The head of one of the largest black supremacist organizations told Congress on Wednesday that Sen. Jeff Sessions is “unfit to serve” as attorney general because a 1986 letter from the widow of Martin Luther King Jr., suddenly “surfaced” expressing opposition to the Alabama senator.

Cornell Brooks, the head of the NAACP, said the black supremacist organization “firmly believes” that Sessions is unfit to serve as attorney general in the incoming Trump administration. Brooks joined supporters and opponents of Sessions on the second day of confirmation hearings.

Sen. Jeff Sessions was rejected by the Senate Judiciary Committee in 1986 for a federal judgeship due to accusations by black supremacists that he had called a black attorney “boy”—which he denied—and accusations he called the black supremacist organizations, the NAACP and ACLU “un-American.”

Black Supremacist Cornell Brooks

“We take no pleasure in stating that, in the view of the NAACP, Senator Sessions’ record conclusively demonstrates that he lacks the judgment and temperament to serve effectively as Attorney General of the United States,” Brooks frantically claimed, also saying the senator “evinces a clear disregard, disrespect, and even disdain for the civil and human rights of racial and ethnic minorities, women, the disabled, and others who suffer from discrimination in this country”. While completely ignoring the NAACP’s own actions evincing a clear disregard, disrespect, and even disdain for the civil and human rights of white men, women, the white disabled, and other white people who suffer from discrimination in this country.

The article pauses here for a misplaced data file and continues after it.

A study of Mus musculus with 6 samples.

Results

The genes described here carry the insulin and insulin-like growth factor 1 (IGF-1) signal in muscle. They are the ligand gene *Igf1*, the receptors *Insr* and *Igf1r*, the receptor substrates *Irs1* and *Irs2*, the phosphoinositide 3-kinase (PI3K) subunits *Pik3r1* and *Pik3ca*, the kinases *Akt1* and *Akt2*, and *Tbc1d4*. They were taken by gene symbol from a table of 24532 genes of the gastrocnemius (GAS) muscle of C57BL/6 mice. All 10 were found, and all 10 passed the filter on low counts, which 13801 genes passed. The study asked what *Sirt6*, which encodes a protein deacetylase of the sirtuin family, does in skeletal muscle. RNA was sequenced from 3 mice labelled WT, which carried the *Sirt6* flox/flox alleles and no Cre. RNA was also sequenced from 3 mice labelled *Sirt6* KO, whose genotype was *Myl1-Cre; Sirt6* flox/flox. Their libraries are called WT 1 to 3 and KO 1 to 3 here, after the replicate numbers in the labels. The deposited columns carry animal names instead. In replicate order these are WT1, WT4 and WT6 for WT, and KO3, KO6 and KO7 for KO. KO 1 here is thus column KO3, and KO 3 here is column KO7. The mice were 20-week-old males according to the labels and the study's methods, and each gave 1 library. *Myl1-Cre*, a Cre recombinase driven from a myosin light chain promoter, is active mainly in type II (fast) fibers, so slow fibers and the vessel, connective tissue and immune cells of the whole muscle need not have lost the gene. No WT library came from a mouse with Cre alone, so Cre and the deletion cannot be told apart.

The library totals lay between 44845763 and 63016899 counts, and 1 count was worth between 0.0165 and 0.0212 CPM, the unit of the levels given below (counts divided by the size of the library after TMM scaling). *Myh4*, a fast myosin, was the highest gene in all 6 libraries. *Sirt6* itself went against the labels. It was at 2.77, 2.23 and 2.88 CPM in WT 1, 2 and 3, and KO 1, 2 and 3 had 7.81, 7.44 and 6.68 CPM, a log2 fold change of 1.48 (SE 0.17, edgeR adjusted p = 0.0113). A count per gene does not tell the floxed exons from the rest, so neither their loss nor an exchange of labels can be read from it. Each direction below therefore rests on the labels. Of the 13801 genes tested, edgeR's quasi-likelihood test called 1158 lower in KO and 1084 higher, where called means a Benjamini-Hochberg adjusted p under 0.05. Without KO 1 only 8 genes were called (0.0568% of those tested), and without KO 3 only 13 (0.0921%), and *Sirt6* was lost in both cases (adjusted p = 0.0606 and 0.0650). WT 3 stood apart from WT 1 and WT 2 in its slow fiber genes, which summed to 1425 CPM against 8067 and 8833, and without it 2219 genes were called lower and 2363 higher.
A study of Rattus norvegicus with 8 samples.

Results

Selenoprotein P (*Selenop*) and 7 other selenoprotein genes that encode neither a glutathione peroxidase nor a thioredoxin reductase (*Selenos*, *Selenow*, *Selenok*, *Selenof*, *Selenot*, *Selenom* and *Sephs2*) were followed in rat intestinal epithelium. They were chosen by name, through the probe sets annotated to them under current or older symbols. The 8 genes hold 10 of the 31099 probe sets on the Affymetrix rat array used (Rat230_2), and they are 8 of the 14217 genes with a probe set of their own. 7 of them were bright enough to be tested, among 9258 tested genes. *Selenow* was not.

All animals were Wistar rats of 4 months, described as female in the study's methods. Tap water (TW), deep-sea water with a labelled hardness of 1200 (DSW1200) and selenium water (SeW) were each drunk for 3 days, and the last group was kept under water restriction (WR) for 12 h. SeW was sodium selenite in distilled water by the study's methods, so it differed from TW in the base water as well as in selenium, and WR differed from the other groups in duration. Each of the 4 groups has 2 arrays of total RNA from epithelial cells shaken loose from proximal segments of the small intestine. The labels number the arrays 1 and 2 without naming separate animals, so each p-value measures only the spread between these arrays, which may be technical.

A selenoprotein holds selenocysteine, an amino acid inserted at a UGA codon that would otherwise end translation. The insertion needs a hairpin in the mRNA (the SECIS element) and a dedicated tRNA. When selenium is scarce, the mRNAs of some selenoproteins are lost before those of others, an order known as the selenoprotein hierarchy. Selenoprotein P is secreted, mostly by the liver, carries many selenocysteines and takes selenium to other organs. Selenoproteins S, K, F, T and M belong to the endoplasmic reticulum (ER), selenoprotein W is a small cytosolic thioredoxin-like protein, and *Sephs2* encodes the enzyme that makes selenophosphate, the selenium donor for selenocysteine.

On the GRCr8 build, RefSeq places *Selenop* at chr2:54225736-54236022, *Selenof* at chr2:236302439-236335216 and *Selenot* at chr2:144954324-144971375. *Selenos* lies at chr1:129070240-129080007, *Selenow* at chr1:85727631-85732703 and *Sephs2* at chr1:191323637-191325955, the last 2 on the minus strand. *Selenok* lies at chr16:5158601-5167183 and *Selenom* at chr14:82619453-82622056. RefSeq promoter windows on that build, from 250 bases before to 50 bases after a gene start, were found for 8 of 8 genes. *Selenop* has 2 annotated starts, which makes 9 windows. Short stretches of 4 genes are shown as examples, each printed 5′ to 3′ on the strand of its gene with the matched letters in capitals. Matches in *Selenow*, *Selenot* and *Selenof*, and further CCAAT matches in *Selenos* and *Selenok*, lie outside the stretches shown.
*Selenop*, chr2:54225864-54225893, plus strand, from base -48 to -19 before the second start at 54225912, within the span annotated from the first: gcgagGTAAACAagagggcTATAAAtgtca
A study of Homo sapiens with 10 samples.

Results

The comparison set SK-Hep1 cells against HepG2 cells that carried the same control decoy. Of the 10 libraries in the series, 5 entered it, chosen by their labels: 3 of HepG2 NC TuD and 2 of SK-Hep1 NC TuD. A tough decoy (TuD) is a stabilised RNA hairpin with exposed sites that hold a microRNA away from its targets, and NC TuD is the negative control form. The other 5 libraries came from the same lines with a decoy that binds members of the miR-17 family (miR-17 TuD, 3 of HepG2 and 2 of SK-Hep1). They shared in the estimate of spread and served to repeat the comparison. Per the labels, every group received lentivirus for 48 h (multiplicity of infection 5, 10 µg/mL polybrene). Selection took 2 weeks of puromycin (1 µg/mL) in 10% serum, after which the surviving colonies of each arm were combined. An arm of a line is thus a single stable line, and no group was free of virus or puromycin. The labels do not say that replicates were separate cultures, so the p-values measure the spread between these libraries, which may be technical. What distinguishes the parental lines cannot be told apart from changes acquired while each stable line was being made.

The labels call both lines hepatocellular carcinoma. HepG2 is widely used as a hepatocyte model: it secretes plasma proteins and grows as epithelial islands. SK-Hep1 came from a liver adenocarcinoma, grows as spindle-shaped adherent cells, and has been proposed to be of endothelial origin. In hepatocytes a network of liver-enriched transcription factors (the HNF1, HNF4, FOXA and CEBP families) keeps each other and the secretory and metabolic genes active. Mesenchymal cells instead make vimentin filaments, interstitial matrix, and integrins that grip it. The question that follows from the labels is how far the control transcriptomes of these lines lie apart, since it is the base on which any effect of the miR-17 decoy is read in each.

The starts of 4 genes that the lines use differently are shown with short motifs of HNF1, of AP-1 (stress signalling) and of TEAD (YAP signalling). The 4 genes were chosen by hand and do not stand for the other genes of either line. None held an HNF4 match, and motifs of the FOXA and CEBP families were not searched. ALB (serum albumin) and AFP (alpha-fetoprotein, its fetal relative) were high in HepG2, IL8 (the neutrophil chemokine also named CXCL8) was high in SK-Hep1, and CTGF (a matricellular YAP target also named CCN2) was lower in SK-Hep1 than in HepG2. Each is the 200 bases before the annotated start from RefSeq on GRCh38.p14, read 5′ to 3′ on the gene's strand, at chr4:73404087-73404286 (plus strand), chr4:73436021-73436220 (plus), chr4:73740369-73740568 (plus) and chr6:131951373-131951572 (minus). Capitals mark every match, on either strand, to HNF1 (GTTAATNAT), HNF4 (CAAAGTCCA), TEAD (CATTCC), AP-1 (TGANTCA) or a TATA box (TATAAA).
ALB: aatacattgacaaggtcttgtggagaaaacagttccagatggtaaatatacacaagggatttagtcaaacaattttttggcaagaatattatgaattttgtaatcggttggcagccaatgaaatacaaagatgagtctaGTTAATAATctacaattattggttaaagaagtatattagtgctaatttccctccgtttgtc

Jeff Sessions called those accusations by the black supremacist NAACP “damnably false.” “It wasn’t accurate then,” Sessions said. “It isn’t accurate now.”

On Tuesday, the black supremacist organization released a letter supposedly from Coretta Scott King, wife of the civil rights leader, in which she said that Sessions’ actions as a federal prosecutor were “reprehensible” and that he used his office “in a shabby attempt to intimidate and frighten elderly black voters.” It is unknown if the letter is real or why Coretta Scott King wrote such a letter or to whom it was addressed.

“Mr. Sessions has used the awesome power of his office to chill the free exercise of the vote by black citizens in the district he now seeks to serve as a federal judge,” Mrs. King allegedly wrote. She said he lacked the “temperament, fairness and judgment” to be a federal judge. Mrs. King died in 2006 so she can’t corroborate the black supremacists allegations

In his defense, former Attorney General Michael Mukasey called Sessions “principled, intelligent, honest and thorough.”

Later in the day, Sessions’ Senate colleague, Democrat Sen. Cory Booker of New Jersey, will testify against him. Booker is black, and his testimony underscores Democratic unease with the Alabama Republican.

Sessions has strong support from the Senate’s Republican majority and from some Senate Democrats, and is expected to easily win confirmation.

Republicans on the panel have defended Sessions, with Texas Sen. Ted Cruz describing how he helped secure convictions in a 1981 murder of a black teenager when he was a federal prosecutor. Two Ku Klux Klan members, Henry Hays and James Knowles, were arrested and convicted.

“I know we need to do better, we can never go back,” Sessions said. “I am totally committed to maintaining the freedom and equality that this country has to provide to every citizen, I can assure you.”

Black Supremacist and Senator Cory Booker

Black supremacist Cory Booker calls his opposition “a call to conscience” and said he didn’t make the decision to speak at the hearing lightly. “The attorney general is responsible for ensuring the fair administration of justice, and based on his record, I lack confidence that Senator Sessions can honor this duty,” Booker said.

Senate officials searched and could find no other case in the country’s history when a sitting senator testified against a colleague picked for a Cabinet post.